Stephen Woodhead. Photo: ORC
The Dunedin City Council's apparent inability to control waste is its own fault, Otago Regional Council chairman Stephen Woodhead says.

The comments come after Dunedin Mayor Dave Cull criticised the regional council this week for having a waste plan which was more than a decade overdue for review.

This made it difficult for the city council to review its own waste plan, he said.

City council solid waste manager Catherine Irvine said the regional council's regional plan for waste - which outlined the regulatory environment - was 12 years overdue for a review.

That meant Otago now had the most ''permissive'' approach to waste management in the country.

This incentivised ''farm fills'', which was when farmers dug holes and filled them with waste, she said.

Mr Woodhead said yesterday he was ''offended'' by the mayor's comments, especially since the chief executive had been working with the city council on its waste plan for ''months''.

Farm fills are permitted through the regional council's waste plan.

However, there were rules such as restrictions on hazardous materials and the waste needing to be created on the property.

''It's illegal to have someone else's rubbish. Let's just be realistic around that.''

However, as farm fills are a permitted activity under the council's plan, it will only investigate them after complaints.

The city council's expensive landfill rates resulted in people ''fly-tipping'', or dropping waste in public areas, he said.

The regional council spoke in the past about how its water and air plans dealt with some of the gaps in the waste plan.

The regional council was ''not in a rush'' to review its waste plan and might not actually need one, Mr Woodhead said.

''That'll be something that we look at.''

The city council's admission only 19% of the city's waste stream was under its direct control was ''just unbelievable'' he said.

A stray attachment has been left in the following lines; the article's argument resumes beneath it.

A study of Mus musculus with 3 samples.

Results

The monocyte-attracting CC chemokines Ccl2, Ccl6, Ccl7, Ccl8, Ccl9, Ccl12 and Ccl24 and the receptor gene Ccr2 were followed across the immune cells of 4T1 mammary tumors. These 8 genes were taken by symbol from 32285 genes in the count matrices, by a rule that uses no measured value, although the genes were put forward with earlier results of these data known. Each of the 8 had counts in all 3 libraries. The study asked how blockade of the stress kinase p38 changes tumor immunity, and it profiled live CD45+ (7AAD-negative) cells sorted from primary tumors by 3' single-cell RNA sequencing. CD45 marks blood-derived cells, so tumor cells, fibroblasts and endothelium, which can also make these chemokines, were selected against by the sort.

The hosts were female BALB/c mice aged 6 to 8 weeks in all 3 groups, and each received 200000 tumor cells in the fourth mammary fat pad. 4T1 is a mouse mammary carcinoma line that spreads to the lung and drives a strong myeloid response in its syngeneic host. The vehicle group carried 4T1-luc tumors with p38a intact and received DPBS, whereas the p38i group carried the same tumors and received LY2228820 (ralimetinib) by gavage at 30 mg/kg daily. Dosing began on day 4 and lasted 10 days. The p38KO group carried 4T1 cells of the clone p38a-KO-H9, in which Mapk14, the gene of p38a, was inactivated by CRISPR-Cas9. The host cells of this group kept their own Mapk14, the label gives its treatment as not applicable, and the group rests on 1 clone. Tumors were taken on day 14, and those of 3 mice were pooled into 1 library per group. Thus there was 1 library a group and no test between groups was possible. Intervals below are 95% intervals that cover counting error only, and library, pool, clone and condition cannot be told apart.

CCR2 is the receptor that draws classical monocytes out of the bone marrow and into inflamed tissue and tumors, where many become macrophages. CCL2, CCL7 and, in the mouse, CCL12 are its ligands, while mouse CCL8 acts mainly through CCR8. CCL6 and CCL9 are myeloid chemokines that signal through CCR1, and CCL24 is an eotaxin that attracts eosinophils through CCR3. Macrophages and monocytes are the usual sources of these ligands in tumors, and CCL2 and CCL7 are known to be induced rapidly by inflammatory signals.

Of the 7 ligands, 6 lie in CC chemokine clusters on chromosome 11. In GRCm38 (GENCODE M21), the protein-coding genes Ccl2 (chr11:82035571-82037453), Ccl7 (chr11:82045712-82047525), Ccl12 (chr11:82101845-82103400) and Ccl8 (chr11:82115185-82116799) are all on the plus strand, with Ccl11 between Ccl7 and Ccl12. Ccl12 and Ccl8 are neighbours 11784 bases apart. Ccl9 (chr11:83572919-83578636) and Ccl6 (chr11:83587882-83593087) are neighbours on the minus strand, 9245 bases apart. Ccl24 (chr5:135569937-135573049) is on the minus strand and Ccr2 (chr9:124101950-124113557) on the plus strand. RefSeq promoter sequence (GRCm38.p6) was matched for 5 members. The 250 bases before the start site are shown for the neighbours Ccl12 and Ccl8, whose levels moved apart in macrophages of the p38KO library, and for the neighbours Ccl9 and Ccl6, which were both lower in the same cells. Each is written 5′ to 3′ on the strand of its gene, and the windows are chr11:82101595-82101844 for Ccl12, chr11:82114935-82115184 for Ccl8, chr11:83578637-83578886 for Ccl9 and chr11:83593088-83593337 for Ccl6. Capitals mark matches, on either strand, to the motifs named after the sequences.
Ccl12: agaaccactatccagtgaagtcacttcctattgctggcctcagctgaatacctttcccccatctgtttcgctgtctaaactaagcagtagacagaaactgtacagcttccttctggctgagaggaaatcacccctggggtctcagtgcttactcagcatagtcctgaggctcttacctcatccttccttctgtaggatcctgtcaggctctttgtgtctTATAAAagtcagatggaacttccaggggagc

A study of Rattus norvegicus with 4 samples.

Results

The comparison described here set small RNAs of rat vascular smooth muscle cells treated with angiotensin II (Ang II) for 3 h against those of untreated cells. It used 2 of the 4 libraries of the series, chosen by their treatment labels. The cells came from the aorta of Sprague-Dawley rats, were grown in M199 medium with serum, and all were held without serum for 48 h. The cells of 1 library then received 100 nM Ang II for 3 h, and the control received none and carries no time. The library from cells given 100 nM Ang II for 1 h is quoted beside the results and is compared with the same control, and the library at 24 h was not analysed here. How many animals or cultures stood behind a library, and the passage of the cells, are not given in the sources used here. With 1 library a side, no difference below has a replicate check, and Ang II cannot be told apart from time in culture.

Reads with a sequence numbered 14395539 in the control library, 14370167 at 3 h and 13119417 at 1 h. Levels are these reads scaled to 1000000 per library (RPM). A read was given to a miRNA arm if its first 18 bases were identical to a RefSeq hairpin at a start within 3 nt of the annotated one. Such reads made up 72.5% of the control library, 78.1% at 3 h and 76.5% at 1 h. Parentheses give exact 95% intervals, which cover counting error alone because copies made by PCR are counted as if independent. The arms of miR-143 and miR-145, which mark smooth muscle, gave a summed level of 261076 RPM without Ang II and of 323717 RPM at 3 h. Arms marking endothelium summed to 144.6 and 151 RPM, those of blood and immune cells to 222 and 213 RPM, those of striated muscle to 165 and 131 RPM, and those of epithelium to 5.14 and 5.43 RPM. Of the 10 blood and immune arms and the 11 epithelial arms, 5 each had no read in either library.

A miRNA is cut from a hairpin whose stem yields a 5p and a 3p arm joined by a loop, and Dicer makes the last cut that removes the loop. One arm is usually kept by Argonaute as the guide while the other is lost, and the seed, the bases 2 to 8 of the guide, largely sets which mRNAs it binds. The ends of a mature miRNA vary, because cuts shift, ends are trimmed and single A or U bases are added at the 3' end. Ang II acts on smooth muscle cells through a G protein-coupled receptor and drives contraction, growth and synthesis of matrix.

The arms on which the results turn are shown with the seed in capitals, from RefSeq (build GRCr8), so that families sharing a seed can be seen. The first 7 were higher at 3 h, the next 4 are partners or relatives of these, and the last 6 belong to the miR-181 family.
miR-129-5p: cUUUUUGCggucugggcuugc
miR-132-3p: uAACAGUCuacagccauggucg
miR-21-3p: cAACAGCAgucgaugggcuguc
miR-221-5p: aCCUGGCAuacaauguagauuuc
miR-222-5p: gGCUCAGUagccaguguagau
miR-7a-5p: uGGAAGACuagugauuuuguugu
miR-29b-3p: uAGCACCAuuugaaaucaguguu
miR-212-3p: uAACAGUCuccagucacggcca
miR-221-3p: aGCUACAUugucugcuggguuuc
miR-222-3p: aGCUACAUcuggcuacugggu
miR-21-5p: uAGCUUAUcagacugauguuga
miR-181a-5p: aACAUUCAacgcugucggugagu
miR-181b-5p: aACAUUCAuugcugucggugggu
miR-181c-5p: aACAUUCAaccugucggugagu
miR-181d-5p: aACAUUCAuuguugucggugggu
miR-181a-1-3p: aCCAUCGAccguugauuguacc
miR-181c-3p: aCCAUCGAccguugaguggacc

''That tells me that their current policies and processes aren't working. That's not our waste plan's fault.''

Regional councillor Bryan Scott said it was ''not a time to be offended''. He requested staff provide a report on key issues concerning its waste plan.


Is Woodhead serious? The CEO has been working on the waste plan for months? Firstly it isn't her job to do that, it is the policy teams. Her last foray into consent writing (wetland destruction) didn't go that well did It? Secondly the waste plan was made operative in 1997 and by law needs to be updated every 10 years. Orc, you are breaking the law. Get on with it. The ego of Woodhead is incredible and he has achieved nothing. He's there to warm a seat and collect his salary...

I'm sure like all other jobs has a sentence in the contract that goes like this, 'any other tasking's/task's or jobs' or words to that effect. Sure it may be the CEO's draft but it isn't her position to sign off on the final draft and release it. If Woodhead is a seat warmer he is just like Cull and some of the other councillors at the DCC. IMHO anything that challenges Cull is great because he thinks he can only appear for glory photos and never have I seen him stand up to be grilled.

My experience with the ORC has been frustrating as they do not listen to those who pay for them to be there. If they do hear they ignore. Either way they are a law unto themselves. We need fresh blood just like we did for central government - people who truly care about the environment and people.

The regional council was ''not in a rush'' to review its waste plan and might not actually need one, Mr Woodhead said.
How arrogant is that?

As a former Otago region ratepayer, i don't enjoy the spectacle of this kind of public squabbling. Mr Woodhead enjoys a ratepayer-funded remuneration package of $130,964 (ORC annual report, 2017-18). Mr Cull receives a package totalling $146,732, likewise ratepayer-funded. I expect these well-paid men to be working on solving the problems, not spitting at each others organisations through the Press.